Tue, Mar 01, 2005 - Page 2 News List

CDC begins offering flu sufferers antiviral drugs

By Wang Hsiao-wen  /  STAFF REPORTER

In yet another effort to curb the annual flu pandemic, the Center for Disease Control today starting offering free antiviral drugs for flu patients above the age of 13.

The center plans to deliver 500,000 doses of the drugs nationwide, sufficient to treat about 50,000 patients. As the mercury will stay low for the next few days, the center is worried that the flu season will persist longer.

"As another cold front will arrive soon, there will be more people vulnerable to the respiratory disease," said Yan Jer-jea (顏哲傑), director of the Center's immunization division.

"Those who develop flu symptoms -- fever, headache, muscle ache, and extreme exhaustion -- are advised to go to a doctor within 48 hours. Those above the age of 13 are eligible to get free tablets of antiviral drugs if the doctor agrees to prescribe it," Yan said.

Since the anti-flu drug works only when the patient takes it within 48 hours from the onset of sickness, health officials urged patients to seek medical help promptly.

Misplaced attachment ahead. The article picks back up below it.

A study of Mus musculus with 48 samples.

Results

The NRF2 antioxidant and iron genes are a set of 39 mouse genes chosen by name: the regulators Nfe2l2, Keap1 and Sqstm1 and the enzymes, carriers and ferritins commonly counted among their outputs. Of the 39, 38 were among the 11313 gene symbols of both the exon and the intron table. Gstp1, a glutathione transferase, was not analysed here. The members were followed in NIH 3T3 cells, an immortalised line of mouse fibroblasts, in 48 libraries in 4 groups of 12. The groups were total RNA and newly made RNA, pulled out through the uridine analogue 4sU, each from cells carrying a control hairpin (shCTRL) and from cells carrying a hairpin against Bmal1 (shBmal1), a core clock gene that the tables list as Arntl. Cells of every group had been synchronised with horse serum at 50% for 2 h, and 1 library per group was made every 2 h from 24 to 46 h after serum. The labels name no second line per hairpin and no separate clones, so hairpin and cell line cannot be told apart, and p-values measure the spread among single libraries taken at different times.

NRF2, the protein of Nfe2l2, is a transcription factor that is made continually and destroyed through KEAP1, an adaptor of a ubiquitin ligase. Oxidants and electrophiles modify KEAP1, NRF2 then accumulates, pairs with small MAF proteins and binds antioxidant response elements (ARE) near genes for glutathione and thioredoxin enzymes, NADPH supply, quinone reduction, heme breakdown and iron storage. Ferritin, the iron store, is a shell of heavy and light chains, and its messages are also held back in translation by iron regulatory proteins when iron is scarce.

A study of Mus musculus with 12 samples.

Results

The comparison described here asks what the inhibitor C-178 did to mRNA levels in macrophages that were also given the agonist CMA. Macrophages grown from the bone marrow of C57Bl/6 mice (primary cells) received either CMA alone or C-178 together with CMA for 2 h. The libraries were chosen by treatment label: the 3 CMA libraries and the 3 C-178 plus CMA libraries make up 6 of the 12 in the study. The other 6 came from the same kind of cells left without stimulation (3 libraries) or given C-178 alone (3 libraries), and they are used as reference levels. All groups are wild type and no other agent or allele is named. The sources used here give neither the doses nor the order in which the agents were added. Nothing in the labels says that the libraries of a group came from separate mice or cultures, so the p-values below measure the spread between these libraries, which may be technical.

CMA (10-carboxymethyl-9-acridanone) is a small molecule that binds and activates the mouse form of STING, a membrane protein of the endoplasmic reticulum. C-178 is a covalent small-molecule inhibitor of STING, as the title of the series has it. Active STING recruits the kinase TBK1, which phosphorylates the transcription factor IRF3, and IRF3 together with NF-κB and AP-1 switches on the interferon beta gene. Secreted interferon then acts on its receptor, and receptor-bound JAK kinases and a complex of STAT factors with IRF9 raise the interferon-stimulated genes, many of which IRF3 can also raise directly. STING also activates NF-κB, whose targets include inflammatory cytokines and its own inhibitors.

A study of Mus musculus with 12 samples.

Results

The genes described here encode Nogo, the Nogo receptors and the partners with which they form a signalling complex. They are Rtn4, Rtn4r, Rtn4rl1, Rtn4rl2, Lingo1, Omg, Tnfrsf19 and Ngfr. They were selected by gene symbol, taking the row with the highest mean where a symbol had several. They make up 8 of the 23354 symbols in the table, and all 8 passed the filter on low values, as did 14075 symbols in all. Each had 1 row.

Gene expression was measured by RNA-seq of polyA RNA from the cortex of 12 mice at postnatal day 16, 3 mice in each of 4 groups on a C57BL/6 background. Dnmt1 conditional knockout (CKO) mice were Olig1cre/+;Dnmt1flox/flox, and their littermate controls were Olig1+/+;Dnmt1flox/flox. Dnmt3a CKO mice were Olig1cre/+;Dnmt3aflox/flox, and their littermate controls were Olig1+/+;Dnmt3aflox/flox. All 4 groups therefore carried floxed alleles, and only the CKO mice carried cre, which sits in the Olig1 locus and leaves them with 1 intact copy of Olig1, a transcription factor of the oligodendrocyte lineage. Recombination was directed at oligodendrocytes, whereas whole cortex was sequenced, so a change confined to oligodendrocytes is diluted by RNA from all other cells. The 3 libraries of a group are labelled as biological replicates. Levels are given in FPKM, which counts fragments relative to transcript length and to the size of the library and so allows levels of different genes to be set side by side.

"Unlike the common cold, the flu can knock you off your feet with a sudden onset and then linger on for one or two weeks. In the case of the flu, early treatment is most efficacious," Yan added.

Starting today, 413 clinics and hospitals have made a deal witht the center to offer extra antiviral medicine to flu patients. The program will last until the end of May.

Although the center has provided flu shots for toddlers and seniors -- who have weaker immune systems than most adults -- and for health workers who get exposed to the flu virus, the vaccines proved inadequate to rein in the flu outbreak. Doctors keep reporting cases of severe flu complications to the center and the death toll is expected to climb higher.

"So far, we have at least 13 people suffering from serious flu complications, such as pneumonia and encephalitis. What is unusual is that we find that Influenza B is a bigger threat than before. For instance, two out of four flu deaths are attributable to Influenza B," said Hsieh Szu-min (謝思民), an infectious-disease specialist from National Taiwan University Hospital.

According to the health authority, the spread of Influenza B is because official vaccination programs have been targeting Influenza B's Shanghai virus strain, rather than the Hong Kong strain that is in circulation now.

"Since last September, we have identified more and more instances of the Hong Kong strain in the lab. The problem is that our vaccine against Influenza B targets the Shanghai strain, not the Hong Kong strain. This is why the vaccine's effectiveness is actually lower than we estimate," Yan said.